Beneath the calm waters of Lake Toba on the Indonesian island of Sumatra, a massive supervolcano is lurking. This geological monster is one of only a handful of volcanoes capable of producing a super-eruption that could catastrophically change the global climate system for decades. So how can we predict the next supervolcano eruption?
An international team of geologists has investigated the potential early warning signs of such a world-shaking eruption, focusing on the volcano beneath Lake Toba.
This volcano has produced two of the most massive eruptions the Earth has ever seen, occurring 840,000 years ago and 75,000 years ago. Each produced enough ash to blanket the whole of Switzerland with seven centimetres of ash.
There has been no equivalent-sized eruption in recorded human history, so this research is crucial to informing how we might be affected – and how we might respond.
The new study, published in PNAS, measures how long it took for the Toba volcano to build up its magma reservoir in the lead up to these two past super-eruptions. Magma is what makes super-volcanoes so dangerous: the molten rock builds up and up in the mantle below the crust, unable to break through, until the pressures become so great that the whole system explodes.
The good news? The researchers think that Toba’s next major super-eruption is still 600,000 years away.
The bad news? The eruption won’t be heralded by weird geological signs. In fact, we won’t know when it’s coming: the build-up will be slow and silent.
To come to these conclusions, the team analysed the levels of uranium and lead in zircons, a tiny crystal found in volcanic rocks. Previous research has shown that zircons can be used to estimate the volume of magma stored below volcanoes.
“One of [zircon’s] characteristics is that it takes uranium within its structure,” says lead author Ping-Ping Liu, from Peking University in China.
She explains that over time the uranium decays into lead, “so by measuring the amount of uranium and lead in zircon with a mass spectrometer, we can determine its age”.
The team dated zircons from a number of different Toba eruptions, where the youngest zircon indicates the date of the eruption and older ones indicate how magma has built up.
“The first super-eruption occurred around 840,000 years ago, after 1.4 million years of magma input, whereas magma fed the second super-eruption at 75,000 years accumulated only in 600,000 years,” says Luca Caricchi, co-author from the University of Geneva (UNIGE), Switzerland.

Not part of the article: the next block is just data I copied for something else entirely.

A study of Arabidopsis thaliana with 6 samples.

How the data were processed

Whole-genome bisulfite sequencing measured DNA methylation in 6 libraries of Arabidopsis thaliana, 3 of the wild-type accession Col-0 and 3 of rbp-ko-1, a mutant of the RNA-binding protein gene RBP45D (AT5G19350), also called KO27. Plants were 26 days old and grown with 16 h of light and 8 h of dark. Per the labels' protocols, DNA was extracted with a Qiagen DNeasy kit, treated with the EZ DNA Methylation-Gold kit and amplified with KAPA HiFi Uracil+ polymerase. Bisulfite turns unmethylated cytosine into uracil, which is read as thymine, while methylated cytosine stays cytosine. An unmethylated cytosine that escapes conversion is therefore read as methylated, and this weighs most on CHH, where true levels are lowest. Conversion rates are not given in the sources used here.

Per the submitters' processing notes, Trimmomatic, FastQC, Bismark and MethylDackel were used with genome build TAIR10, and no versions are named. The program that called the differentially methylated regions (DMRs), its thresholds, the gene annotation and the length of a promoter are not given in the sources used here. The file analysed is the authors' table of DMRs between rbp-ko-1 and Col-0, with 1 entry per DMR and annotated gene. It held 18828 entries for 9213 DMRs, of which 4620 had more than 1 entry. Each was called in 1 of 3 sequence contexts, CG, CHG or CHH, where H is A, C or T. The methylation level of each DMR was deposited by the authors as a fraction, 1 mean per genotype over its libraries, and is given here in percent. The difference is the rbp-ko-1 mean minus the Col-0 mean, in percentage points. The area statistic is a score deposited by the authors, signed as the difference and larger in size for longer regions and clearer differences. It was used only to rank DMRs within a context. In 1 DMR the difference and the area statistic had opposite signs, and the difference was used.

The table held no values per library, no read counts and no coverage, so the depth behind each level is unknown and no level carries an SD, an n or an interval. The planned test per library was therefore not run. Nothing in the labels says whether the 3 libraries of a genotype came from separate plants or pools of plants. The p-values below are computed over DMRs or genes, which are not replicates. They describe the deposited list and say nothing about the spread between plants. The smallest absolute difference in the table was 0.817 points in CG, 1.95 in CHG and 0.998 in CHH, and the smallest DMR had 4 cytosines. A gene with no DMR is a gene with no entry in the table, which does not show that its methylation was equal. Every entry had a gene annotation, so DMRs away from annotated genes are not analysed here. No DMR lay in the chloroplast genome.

The eruptions were the same size; the researchers say that the second eruption built up its magma more quickly because over time, magma heats up the continental crust around the volcano, which keeps the magma hot for longer.
“This is a ‘vicious circle’ of eruptions: the more the magma heats the crust, the slower the magma cools and the faster the rate of magma accumulation becomes,” says Ping-Ping Liu – meaning that super-eruptions can become more frequent as time goes on.
This zircon-dating technique allowed the team to estimate how much magma is simmering below the surface of the Toba volcano.
“Today, we estimate that about 320 cubic kilometres of magma could be ready to erupt within the reservoir of Toba volcano,” says Caricchi.
This wouldn’t be classed as a super-eruption (which needs to be greater than 1000 cubic kilometres) and would definitely be smaller than the 2800 cubic kilometres spewed out in Toba’s two big eruptions, but it’s still enough to create global disturbance.
The researchers say that an extra four cubic kilometres of magma builds up in Toba every thousand years. This means that next equivalent super-eruption would occur in 600,000 years – though smaller ones could happen in the meantime.
This method could also be applied to other supervolcanoes around the globe, like Yellowstone in the US.
“Our study also shows that no extreme events occur before a super-eruption,” adds Caricchi. “This suggests that signs of an impending super-eruption, such as a significant increase in earthquakes or rapid ground uplift, might not be as obvious as pictured in disaster movies by the film industry.
“At Toba volcano, everything is happening silently underground, and the analysis of the zircons now gives us an idea of what is to come.”
Lauren Fuge is a science journalist at Cosmos. She holds a BSc in physics from the University of Adelaide and a BA in English and creative writing from Flinders University.
Read science facts, not fiction...
There’s never been a more important time to explain the facts, cherish evidence-based knowledge and to showcase the latest scientific, technological and engineering breakthroughs. Cosmos is published by The Royal Institution of Australia, a charity dedicated to connecting people with the world of science. Financial contributions, however big or small, help us provide access to trusted science information at a time when the world needs it most. Please support us by making a donation or purchasing a subscription today.